Friday, July 08, 2011

Evaluation Basics 101 - Involve the users in the design of your instruments

Early this week, I got back from my work-related travel to Kenya, but then I ran straight into two full days of training. We planned to train the staff of a client on a new observation protocol that we developed for them to use. The new tool was based on a previous tool they had used. Before finalising the tool, we took time to discuss the tool with a small group of the staff and checked that they thought it could work. We thought the training would go well.

Drum roll...It didn't. On a scale of 0 to going well, we scored a minus 10. It felt like I had a little riot on hand when I started with "This is the new tool that we would like you to use".

Thinking about it - I should have crashed and burned in the most spectacular way. Instead, I took a moment with myself, planted a slap on my forehead, uttered a very guttural "Duh!" and mentally paged through "Evaluation Basics 101 - kindergarten version". Then I smiled, sighed, and cancelled the afternoon's training agenda. I replaced it with an activity that I introduced as: "This is the tool that we would like to workshop with you so that we can make sure that you are happy with it before you start to use it".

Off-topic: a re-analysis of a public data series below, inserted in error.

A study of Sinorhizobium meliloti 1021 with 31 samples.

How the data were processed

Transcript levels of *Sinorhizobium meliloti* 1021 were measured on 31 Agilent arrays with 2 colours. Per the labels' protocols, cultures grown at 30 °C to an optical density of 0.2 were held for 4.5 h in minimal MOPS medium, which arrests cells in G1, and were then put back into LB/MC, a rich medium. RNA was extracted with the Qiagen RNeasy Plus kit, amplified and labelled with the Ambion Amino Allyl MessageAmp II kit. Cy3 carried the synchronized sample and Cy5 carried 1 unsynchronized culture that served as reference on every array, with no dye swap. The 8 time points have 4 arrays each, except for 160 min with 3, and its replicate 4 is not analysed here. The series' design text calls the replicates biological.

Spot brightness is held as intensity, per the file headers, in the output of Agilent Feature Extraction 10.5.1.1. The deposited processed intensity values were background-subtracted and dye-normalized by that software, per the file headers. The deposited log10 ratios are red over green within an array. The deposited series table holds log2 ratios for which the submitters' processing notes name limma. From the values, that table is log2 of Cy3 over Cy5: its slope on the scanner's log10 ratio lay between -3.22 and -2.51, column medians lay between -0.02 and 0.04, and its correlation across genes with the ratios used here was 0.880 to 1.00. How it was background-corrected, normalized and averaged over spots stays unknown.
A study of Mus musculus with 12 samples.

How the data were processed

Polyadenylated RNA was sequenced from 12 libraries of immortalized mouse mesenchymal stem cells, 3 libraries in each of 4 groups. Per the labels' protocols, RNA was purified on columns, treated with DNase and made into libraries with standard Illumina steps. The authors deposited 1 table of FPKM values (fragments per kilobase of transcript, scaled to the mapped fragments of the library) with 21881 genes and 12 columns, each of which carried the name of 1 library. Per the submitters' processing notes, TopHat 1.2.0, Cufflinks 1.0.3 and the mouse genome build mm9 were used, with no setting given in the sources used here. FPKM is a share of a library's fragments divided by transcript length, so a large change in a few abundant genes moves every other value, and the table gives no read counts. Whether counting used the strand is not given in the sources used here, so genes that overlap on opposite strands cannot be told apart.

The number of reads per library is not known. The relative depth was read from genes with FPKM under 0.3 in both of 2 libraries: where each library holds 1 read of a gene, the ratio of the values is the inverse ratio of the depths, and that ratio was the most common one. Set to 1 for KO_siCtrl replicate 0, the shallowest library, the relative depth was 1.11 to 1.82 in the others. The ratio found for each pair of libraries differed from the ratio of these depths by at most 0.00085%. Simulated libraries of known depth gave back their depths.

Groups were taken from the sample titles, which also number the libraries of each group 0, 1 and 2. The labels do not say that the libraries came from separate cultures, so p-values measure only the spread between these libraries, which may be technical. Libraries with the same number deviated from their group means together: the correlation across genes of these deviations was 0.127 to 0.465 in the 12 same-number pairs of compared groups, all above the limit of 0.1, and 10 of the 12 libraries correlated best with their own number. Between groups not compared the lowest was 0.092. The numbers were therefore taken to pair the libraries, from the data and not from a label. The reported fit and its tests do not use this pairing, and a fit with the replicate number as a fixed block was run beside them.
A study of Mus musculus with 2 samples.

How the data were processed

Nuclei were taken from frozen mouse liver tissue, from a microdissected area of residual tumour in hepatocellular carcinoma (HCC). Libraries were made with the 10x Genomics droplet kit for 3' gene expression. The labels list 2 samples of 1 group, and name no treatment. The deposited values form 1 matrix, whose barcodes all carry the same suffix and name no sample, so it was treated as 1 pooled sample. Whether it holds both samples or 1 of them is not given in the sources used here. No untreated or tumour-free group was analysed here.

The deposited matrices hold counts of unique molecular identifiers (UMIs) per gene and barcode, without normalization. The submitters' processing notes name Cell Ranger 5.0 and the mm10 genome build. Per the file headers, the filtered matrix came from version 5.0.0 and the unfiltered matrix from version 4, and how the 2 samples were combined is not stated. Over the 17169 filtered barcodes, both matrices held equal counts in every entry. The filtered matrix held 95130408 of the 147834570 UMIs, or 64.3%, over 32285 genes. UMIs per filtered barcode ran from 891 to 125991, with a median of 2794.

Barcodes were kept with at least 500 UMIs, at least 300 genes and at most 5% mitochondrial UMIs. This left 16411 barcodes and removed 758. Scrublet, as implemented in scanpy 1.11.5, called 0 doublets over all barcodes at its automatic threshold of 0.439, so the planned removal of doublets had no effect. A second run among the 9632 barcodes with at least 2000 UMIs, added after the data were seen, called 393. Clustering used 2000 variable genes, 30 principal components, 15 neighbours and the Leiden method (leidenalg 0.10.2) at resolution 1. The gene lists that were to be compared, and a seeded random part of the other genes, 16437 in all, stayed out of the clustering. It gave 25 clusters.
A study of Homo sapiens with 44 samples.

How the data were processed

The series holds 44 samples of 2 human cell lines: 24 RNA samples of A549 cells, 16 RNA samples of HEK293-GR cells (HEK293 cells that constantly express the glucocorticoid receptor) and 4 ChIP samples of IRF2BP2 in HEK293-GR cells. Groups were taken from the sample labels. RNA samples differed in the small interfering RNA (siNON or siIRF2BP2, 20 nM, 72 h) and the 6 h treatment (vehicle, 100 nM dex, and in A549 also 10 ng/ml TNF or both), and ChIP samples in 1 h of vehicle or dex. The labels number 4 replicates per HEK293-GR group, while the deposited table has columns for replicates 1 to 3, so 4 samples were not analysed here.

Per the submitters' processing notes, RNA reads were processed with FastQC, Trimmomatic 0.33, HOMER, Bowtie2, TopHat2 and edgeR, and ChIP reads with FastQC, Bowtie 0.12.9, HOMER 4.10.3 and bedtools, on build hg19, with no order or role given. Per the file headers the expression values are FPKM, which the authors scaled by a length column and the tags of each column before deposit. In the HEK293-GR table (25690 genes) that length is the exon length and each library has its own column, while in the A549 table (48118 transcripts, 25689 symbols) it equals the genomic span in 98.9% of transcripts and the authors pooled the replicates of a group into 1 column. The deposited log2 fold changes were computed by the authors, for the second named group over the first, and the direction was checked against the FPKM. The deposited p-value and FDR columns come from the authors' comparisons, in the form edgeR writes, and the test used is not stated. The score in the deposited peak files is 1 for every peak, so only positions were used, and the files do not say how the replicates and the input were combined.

Some tips if ever you plan to implement a new tool (even if it is just slightly adjusted) in an organization:
1) Get everybody who will use the tool, to participate in the designing of the tool
2) Do not think that an adjustment to an already existing tool exempts you from facilitating the participatory process
3) Do not discuss the tool with only a small group from the eventual user-base. Not only will the other users who weren't consulted riot, even the ones that had their say in the small group are likely to voice their unhappiness.

When we were done, the tool looked about 80% the same as it did at the start, and they did not complain about its length, its choice of rating scale or the underlying philosophy again.

Lesson learnt. (For the second time!)